Photo credit: Daniel Dixon

NORTHchurch, a non-denominational contemporary church that uses the latest technology and media to communicate its message, recently installed a DiGiCo SD8 console and a pair of SD-Mini Racks interconnected by an Optocore fiber optic network. The front–of-house console system was part of a major audio system redesign at the church’s two-story location in a northern suburb of Oklahoma City together with an L-Acoustics loudspeaker system, acoustic treatment and other improvements, all provided by Skylark AV, a local audio, video and lighting equipment design, build and installation company.

“It was important to stay within the budget but also get something that is going to be reliable, move us forward, and that would be easy to grasp for our volunteers,” explains NORTHchurch’s production director, Stephen Kramer. “We are a growing church and are also considering adding a broadcast console and a monitor mixing console in the future. Looking into DiGiCo, we felt that we would have all the opportunity in the world to grow and add functions, and that it would give us everything we wanted.”

NORTHchurch’s DiGiCo SD8 supports 64 inputs and 16 outputs and is fitted with an Aviom card. “We’re running six stereo in-ears and a full Aviom set-up,” says Kramer.

Having been working on a smaller, less powerful digital mixer at the church previously, Kramer reports that he had to relearn mixing and learn new terminology once the SD8 was installed. “It was a new world to learn about ‘recall’ and ‘update,’ ‘session’ and ‘snapshot.’ The snapshots have been a game-changer. It has allowed our volunteers to come in and easily set it up, and for us to have a very consistent sound across all of our experiences.”

Those experiences—there is a service on Thursday night plus three on Sunday morning—are managed by two separate audio teams. “We have an audio guy come in on Wednesday and Thursday. On Wednesday night, he does a soundcheck and gets a mix set with the snapshots. Another guy comes in on Sunday morning, can do a run-through with the band, and is able to reuse the snapshots that have already been built. So it has made it very easy for our volunteers.”

For example, he continues, “Our vocal effects are all snapshot based, and we have snapshots set up where our faders, mutes, and panning are being updated. When a volunteer comes in and hits Next, all of that is switching for them. They don’t have to assign effects or retype the tempo for the delay. It allows the mix engineers to be creative and flow and build dynamics, and not worry about the basic mix for the song.”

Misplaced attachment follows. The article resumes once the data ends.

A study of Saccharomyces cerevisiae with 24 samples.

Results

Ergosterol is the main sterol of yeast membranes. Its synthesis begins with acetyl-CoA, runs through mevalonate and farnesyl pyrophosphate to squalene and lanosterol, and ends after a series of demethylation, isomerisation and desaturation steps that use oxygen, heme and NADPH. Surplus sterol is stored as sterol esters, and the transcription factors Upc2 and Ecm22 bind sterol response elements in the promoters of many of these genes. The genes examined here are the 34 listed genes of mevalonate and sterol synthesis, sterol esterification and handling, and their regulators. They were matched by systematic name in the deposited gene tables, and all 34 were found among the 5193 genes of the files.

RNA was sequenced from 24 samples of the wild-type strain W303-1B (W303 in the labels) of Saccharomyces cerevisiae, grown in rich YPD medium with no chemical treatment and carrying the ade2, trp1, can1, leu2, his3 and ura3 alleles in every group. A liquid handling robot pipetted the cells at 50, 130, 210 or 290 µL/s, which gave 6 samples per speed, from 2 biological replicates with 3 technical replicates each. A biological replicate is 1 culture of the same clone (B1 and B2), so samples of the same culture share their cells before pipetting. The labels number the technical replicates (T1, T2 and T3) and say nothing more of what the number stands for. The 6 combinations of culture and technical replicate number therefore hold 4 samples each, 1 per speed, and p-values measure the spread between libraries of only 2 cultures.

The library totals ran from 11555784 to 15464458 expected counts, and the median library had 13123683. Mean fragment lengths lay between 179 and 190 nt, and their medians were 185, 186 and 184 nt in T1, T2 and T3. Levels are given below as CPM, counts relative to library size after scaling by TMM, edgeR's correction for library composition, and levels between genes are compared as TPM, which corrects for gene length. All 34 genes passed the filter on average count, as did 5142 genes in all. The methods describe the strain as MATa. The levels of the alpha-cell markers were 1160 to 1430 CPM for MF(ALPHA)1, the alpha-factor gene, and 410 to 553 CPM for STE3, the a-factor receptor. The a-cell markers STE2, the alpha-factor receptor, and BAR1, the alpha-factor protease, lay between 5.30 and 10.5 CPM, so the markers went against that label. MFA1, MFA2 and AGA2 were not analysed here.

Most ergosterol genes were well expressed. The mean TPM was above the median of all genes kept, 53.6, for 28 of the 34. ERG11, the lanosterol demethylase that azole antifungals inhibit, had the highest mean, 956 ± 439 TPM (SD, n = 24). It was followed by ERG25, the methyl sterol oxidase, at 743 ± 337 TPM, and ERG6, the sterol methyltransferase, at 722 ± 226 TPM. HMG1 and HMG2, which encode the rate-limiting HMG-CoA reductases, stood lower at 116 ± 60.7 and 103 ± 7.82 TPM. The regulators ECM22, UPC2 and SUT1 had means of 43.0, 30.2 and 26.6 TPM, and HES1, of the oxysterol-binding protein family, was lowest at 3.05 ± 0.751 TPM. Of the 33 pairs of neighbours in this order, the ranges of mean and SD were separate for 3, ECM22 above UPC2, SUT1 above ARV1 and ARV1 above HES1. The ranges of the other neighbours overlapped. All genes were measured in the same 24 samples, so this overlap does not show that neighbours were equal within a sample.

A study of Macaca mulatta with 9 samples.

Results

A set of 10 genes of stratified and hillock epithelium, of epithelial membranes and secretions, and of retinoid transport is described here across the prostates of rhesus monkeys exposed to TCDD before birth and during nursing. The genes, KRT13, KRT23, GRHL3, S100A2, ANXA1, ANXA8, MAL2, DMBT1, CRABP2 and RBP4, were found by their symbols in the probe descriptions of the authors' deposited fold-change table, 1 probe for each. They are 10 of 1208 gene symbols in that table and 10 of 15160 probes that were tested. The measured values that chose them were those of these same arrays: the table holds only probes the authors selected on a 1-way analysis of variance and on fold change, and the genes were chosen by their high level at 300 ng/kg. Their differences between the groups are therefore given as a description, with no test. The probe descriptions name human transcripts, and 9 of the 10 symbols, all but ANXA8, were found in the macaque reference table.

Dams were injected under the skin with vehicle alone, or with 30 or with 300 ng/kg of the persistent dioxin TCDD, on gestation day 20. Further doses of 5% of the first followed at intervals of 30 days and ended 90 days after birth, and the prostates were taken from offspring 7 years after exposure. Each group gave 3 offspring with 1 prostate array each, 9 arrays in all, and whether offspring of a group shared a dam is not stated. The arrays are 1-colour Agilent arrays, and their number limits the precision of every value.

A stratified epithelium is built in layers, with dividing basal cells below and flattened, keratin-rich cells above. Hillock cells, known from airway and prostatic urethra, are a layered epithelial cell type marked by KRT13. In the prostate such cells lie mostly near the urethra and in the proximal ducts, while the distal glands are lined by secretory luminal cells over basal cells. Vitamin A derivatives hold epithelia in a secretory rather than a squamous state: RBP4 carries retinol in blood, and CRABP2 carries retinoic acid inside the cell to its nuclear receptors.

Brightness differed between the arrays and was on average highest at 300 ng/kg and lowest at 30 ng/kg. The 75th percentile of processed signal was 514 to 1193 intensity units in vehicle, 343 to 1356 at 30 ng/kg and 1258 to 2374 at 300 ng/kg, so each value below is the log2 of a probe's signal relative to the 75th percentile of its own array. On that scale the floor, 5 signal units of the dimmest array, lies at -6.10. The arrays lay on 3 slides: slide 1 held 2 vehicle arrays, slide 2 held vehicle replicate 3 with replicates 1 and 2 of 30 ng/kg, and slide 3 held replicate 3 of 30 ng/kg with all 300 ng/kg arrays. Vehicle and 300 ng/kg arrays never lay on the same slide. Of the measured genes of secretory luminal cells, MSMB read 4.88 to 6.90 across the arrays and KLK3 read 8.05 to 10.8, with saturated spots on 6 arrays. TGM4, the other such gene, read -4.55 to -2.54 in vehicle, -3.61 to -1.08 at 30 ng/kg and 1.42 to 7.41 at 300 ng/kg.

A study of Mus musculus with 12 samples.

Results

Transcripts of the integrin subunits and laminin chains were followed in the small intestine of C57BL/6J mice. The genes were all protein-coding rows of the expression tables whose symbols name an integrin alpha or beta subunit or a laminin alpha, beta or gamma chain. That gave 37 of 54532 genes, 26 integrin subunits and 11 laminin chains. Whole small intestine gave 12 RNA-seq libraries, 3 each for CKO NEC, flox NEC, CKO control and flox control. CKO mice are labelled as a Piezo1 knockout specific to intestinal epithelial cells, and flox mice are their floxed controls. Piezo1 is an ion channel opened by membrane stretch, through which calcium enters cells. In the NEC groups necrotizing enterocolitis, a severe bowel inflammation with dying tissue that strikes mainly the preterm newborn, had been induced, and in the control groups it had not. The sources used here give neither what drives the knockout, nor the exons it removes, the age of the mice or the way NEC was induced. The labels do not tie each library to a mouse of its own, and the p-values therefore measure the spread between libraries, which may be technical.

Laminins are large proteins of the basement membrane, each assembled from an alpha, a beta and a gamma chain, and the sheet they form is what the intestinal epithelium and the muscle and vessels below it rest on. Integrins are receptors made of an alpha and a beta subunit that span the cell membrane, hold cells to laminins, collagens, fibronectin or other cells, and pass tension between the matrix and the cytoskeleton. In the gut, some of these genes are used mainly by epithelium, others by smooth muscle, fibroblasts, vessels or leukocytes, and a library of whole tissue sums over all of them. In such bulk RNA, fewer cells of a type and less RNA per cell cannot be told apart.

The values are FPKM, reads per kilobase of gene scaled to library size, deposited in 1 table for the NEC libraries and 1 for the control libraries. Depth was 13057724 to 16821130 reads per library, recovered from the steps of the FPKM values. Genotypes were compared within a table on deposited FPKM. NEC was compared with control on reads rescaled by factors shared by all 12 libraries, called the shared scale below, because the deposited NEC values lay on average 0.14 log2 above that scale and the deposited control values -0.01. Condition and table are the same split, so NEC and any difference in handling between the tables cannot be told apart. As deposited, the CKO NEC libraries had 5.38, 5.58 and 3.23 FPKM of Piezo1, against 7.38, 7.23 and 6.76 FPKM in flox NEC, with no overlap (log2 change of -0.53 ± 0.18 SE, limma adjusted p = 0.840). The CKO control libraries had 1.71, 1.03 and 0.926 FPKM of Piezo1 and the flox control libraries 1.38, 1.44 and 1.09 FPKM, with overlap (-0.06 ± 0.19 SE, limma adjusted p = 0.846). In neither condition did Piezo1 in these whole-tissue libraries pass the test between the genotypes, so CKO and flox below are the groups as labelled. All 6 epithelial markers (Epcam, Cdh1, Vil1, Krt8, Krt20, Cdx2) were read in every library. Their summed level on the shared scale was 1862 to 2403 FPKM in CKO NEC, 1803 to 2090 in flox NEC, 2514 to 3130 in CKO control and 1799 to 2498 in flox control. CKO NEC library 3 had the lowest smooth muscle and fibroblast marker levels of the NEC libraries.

“They have absolutely fallen in love with virtual soundcheck,” comments Skylark AV’s Steele Beaty. “The complexity of the snapshot capabilities inside the DiGiCo has revolutionized how they do things. They are now taking the cues associated with the lighting and the immense control they have there and applying those principals to the audio console—and the DiGiCo lets them do that. With the aid of virtual soundcheck they are putting in the time to really hone each song and each transition like I’ve never seen a church do before.”

While doing his due diligence, Kramer compared the onboard effects processing capabilities of his top three console choices and ran the numbers. “We like to run our mix wet; we like a nice, thick, solid sound. But we would have had to spend almost the exact same amount of money to get the other options configured like the DiGiCo with its built-in effects. So we felt it was a no-brainer, and we are extremely happy with our choice.”

Kramer relied on Skylark AV for the PA speaker recommendation. “They ended up with the L-Acoustics ARCS II system—three per side, stereo hung—with four SB28s subwoofers in a central horizontal array below the stage, with six 8XTs for front fills,” says Beaty. The system is driven by one LA4 and three LA8 processor amplifiers.

“I had never heard the rig before,” admits Kramer. “We have a very trusting relationship with Steele and the guys at Skylark. They’ve been part of our church for quite a while. They’ve come in and changed the way we view install companies. It’s been really important to us to have that relationship with them. We know that when they say something they either mean it or we can trust that they know what they’re talking about and they’re going to take care of us.”

Kramer is enjoying getting to grips with the new more powerful, more complex audio system. “With the combination of the DiGiCo and the L-Acoustics I literally had to relearn how to mix,” he says. “But we had a conference for students recently where we don’t get too concerned about the dB level and it was incredible—the clarity, even running at the higher volume, and the oomph from the SB28s underneath. It’s been a new lesson to learn.”

Looking to the future, says Beaty, “Their plans are to have a full-on video suite and green screen areas where they can shoot promo videos. The DiGiCo would have worked in its standard coax MADI form, but long-term, when you look at their vision, adding that fiber piece enables them to expand at will and however they need to. When they get their production spaces up and rolling we can add an SD-Rack in there, and they can do live audio mixing and get a finished product in about half the time.”